WASHINGTON — NHL Commissioner Gary Bettman appears ready to put his players’ commitment to the 2018 Winter Olympics to the test.
The league last met with the International Olympic Committee and International Ice Hockey Federation in February, though negotiations have since halted, and Bettman took a hard line on the issue of international competition Tuesday.
“There are no negotiations ongoing,” Bettman told Reuters at the Sport Business Summit in New York. “We were open to having discussions on a variety of things that might mitigate the damage to our season but that had no resonance.”
“As things stand now people should assume we are not going,” he said.
In previous years, as with the 2014 Winter Olympic Games in Sochi, the NHL has taken a break from competition — usually for a period of 2.5 weeks — for its players to compete for their home countries internationally.
Some NHL stars have already made clear their intentions to compete in the South Korea Games regardless of the league’s stance. Alex Ovechkin of the Washington Capitals said so very matter-of-factly last fall.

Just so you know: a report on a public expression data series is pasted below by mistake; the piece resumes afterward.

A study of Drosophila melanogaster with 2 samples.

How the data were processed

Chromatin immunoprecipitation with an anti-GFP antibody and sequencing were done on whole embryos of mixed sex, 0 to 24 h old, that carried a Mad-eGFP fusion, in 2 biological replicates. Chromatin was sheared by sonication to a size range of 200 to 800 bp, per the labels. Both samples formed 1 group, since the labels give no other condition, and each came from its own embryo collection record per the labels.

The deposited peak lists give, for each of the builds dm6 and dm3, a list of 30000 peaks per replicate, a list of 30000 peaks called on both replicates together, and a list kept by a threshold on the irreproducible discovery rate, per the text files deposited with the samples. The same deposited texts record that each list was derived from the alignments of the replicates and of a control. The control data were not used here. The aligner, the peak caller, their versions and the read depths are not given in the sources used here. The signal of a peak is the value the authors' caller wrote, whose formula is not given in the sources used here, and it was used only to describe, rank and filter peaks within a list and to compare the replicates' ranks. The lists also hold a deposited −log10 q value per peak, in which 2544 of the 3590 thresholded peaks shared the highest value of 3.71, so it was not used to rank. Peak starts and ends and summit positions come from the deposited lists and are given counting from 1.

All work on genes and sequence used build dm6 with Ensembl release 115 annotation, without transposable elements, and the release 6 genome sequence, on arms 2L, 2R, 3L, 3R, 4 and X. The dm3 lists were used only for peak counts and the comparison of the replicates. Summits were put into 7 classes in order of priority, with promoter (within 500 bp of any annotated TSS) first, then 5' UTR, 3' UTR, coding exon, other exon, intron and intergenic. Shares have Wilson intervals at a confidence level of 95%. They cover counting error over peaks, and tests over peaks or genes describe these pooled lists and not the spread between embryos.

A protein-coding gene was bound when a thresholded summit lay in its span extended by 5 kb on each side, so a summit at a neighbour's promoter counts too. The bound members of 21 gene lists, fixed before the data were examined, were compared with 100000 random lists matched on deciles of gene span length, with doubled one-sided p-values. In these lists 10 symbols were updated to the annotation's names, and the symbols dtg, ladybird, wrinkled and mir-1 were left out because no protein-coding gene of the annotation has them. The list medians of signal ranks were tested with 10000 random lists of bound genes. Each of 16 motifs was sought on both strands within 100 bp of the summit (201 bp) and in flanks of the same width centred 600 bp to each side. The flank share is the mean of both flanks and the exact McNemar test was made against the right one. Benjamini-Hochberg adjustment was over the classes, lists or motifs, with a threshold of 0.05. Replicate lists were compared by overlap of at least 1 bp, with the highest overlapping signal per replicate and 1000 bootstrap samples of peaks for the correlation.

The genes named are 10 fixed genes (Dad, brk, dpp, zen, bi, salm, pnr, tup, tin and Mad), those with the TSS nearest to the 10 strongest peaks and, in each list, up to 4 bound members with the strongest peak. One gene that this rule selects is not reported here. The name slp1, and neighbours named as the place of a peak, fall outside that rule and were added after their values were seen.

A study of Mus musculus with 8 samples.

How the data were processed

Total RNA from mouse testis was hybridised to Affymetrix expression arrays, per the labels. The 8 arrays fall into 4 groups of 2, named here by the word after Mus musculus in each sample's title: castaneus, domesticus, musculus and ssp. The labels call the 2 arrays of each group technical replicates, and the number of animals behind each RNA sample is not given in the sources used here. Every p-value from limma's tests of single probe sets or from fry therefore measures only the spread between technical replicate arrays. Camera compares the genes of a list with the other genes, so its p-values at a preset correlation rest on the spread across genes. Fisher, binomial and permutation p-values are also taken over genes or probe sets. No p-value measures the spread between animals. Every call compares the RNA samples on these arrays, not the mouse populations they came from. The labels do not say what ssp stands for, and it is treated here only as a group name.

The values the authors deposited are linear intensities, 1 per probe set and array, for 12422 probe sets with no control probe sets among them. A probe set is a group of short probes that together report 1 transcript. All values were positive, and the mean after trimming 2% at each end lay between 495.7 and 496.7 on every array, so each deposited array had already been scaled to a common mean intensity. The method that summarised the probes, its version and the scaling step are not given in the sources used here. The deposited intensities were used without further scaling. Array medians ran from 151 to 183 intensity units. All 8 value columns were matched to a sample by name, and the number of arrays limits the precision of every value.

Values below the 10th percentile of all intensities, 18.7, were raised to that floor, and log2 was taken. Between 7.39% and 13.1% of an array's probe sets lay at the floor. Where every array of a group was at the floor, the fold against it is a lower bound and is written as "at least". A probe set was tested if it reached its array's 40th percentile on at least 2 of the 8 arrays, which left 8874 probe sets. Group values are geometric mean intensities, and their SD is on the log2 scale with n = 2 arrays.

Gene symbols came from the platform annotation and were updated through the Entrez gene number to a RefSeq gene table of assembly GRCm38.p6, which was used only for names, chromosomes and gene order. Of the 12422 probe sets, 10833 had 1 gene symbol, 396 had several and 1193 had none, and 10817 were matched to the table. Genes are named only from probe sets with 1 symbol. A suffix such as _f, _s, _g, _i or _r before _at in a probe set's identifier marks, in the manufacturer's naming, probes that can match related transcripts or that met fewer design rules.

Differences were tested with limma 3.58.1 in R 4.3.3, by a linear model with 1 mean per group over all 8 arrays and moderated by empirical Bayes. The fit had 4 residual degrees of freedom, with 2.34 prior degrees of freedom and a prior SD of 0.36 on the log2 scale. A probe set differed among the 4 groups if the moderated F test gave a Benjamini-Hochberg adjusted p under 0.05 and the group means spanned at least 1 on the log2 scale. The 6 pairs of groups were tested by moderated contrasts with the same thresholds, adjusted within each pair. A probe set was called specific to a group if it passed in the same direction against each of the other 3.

Money is the primary underlying issue, as the NHL, according to Reuters, seeks financial compensation — in the form of player insurance and transportation costs — from the IOC in return for handing over $3.5 billion in player contracts. The NHL also seeks sponsorship rights in what would allow the league to market the Winter Games on its platforms.
“We’re not negotiating publicly,” said Bettman. “The point is I was trying to emphasize the fact that this is terribly disruptive to our business and there seems to be no offsetting way to mitigate that disruption. I’ve suggested why don’t you treat us like a top sponsor.”
“When the IOC comes to us and says, ‘by the way, we know it cost $15 to $20 million to send your players between insurance, charter costs and accommodations for the players’ … well we’re not going to pay for that,” he added. “If they don’t value our participation, why are we going?”